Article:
Food security is a critical issue, with families and individuals in townships, rural areas and informal settlements across South Africa deemed to be food insecure. An increasing income gap is adding to the challenge.
In an effort to overcome food insecurity and poverty in disadvantaged communities in Cape Town, the Abalimi Bezekhaya, or “farmers of the home”, non-profit organisation helps people to help themselves by establishing and maintaining food gardens.
Jenny Smuts, the volunteer marketing co-ordinator at Abalimi, explains that it is “a teaching organisation that basically teaches people to subsist”.
“I don’t want my people begging,” says Christina Kaba, a field operations manager at a food garden in Gugulethu, a township on the outskirts of the Mother City. “We aren’t poor anymore. Now is the time that we must stand up. The bread is in the soil; the food is in the soil.
“The first thing, easy, is to grow the vegetables. It doesn’t matter if you live in a shack, if you have a drum you can make holes and put the compost, put the soil, you can plant the vegetables and you can eat.”
Kaba is one of many people scattered throughout the city’s townships who has taken charge of her life and made use of the help provided by Abalimi to provide for herself, her family and her community. “Be patient and your garden can provide you with money and food, [but] if you don’t love your garden then your garden won’t love you too.”
Abalimi Bezekhaya has been working to improve the lives of people in and around Cape Town for more than three decades, with over 3 000 subsistence farmers working more than 1 000 small food gardens in Western Cape.
HARVEST OF HOPE MARKETING SCHEME
Farmers who produce more food than they need can generate a stable income by selling their harvest to businesses and other community members through the Harvest of Hope marketing scheme.
It is a community-supported agriculture scheme that connects buyers with producers and helps to foster stable relationships between them to help guarantee an outlet for excess produce in return for much-needed funds to sustain their gardens and pay for their day to day expenses.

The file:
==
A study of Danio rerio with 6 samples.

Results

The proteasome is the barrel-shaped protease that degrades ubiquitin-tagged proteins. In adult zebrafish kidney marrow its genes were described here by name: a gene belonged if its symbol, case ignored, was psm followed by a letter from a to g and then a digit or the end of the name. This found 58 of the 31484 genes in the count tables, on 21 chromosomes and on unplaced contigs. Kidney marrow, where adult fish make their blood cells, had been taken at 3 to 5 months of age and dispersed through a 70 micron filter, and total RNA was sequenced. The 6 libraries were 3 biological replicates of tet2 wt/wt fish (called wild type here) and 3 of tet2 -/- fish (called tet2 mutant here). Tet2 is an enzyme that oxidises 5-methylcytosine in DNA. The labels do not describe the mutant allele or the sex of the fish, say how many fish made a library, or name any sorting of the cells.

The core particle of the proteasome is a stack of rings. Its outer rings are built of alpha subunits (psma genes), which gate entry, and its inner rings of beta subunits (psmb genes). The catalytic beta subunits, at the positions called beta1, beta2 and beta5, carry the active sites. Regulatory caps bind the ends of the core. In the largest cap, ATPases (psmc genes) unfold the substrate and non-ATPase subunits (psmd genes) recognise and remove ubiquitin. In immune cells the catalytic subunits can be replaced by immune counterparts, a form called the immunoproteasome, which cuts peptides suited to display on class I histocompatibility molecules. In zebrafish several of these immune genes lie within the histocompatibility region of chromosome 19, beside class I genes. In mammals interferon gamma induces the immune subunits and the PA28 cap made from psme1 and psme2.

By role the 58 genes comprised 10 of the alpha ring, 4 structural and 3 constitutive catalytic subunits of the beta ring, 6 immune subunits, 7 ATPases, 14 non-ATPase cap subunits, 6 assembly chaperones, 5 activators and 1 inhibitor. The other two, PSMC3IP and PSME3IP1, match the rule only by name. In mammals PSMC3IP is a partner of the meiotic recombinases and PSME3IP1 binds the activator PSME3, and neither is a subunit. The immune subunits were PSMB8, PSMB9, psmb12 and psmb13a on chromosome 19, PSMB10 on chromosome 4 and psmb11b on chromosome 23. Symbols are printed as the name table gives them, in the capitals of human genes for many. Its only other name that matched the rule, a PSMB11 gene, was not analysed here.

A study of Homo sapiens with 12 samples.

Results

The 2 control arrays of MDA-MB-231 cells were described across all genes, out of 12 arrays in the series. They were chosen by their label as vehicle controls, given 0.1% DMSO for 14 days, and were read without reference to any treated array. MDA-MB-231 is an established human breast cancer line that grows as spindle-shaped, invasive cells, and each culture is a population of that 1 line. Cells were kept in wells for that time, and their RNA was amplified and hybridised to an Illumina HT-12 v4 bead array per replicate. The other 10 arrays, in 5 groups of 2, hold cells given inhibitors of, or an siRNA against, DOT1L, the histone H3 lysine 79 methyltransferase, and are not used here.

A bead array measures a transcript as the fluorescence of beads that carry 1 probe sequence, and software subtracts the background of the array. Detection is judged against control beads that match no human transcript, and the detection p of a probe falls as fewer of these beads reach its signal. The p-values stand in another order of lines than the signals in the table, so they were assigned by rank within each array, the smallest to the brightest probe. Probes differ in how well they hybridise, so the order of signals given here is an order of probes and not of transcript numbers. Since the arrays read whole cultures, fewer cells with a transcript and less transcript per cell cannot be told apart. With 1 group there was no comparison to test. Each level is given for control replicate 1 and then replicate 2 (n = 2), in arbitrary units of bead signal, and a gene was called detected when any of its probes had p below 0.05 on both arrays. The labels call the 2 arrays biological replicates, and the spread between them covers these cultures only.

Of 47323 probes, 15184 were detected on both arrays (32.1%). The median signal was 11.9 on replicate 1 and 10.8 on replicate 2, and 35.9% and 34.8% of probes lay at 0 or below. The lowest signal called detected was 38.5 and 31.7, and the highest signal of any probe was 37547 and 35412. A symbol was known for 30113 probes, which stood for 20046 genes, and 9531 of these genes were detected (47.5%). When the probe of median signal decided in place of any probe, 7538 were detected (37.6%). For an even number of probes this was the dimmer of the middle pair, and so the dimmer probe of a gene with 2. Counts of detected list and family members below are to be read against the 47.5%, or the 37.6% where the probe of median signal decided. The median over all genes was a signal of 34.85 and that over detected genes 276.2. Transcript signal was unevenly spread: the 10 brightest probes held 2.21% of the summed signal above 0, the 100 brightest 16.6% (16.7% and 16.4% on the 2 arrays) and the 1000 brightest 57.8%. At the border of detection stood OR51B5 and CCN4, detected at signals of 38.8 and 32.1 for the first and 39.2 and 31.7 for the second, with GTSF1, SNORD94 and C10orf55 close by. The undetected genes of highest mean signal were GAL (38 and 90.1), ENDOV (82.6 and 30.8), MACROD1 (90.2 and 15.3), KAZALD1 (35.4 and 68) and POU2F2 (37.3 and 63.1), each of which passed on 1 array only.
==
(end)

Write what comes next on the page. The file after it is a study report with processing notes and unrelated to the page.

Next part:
Buyers, many of them families in Cape Town’s suburbs, order weekly bags of the vegetables, which are delivered to various drop-off points for collection by the buyers. Harvest of Hope contracts with the farmers in advance, guaranteeing to buy their produce and so giving them some income security; buyers order in advance.
“A community garden is organised by a group of people who initially want to put some food on the table and maybe have some ideas of getting some income or jobs,” explained Rob Small, the programme co-director of the organisation. “If people want to progress into the more commercial stage, or bring in a commercial element, we have something called AgriPlanner, which helps people understand how a small business enterprise can work.”
Members of the public who want to get involved should visit the Harvest of Hope Join Us page on its website for more details or take one of the regular tours of some of the gardens.
You can also get in touch with the facilitators of the initiative via email on firstname.lastname@example.org or on 021 371 1653 to find out about other ways for you to join in the life changing work done by the organisation. If you live in Cape Town, consider ordering your weekly basket of vegetables from Harvest of Hope.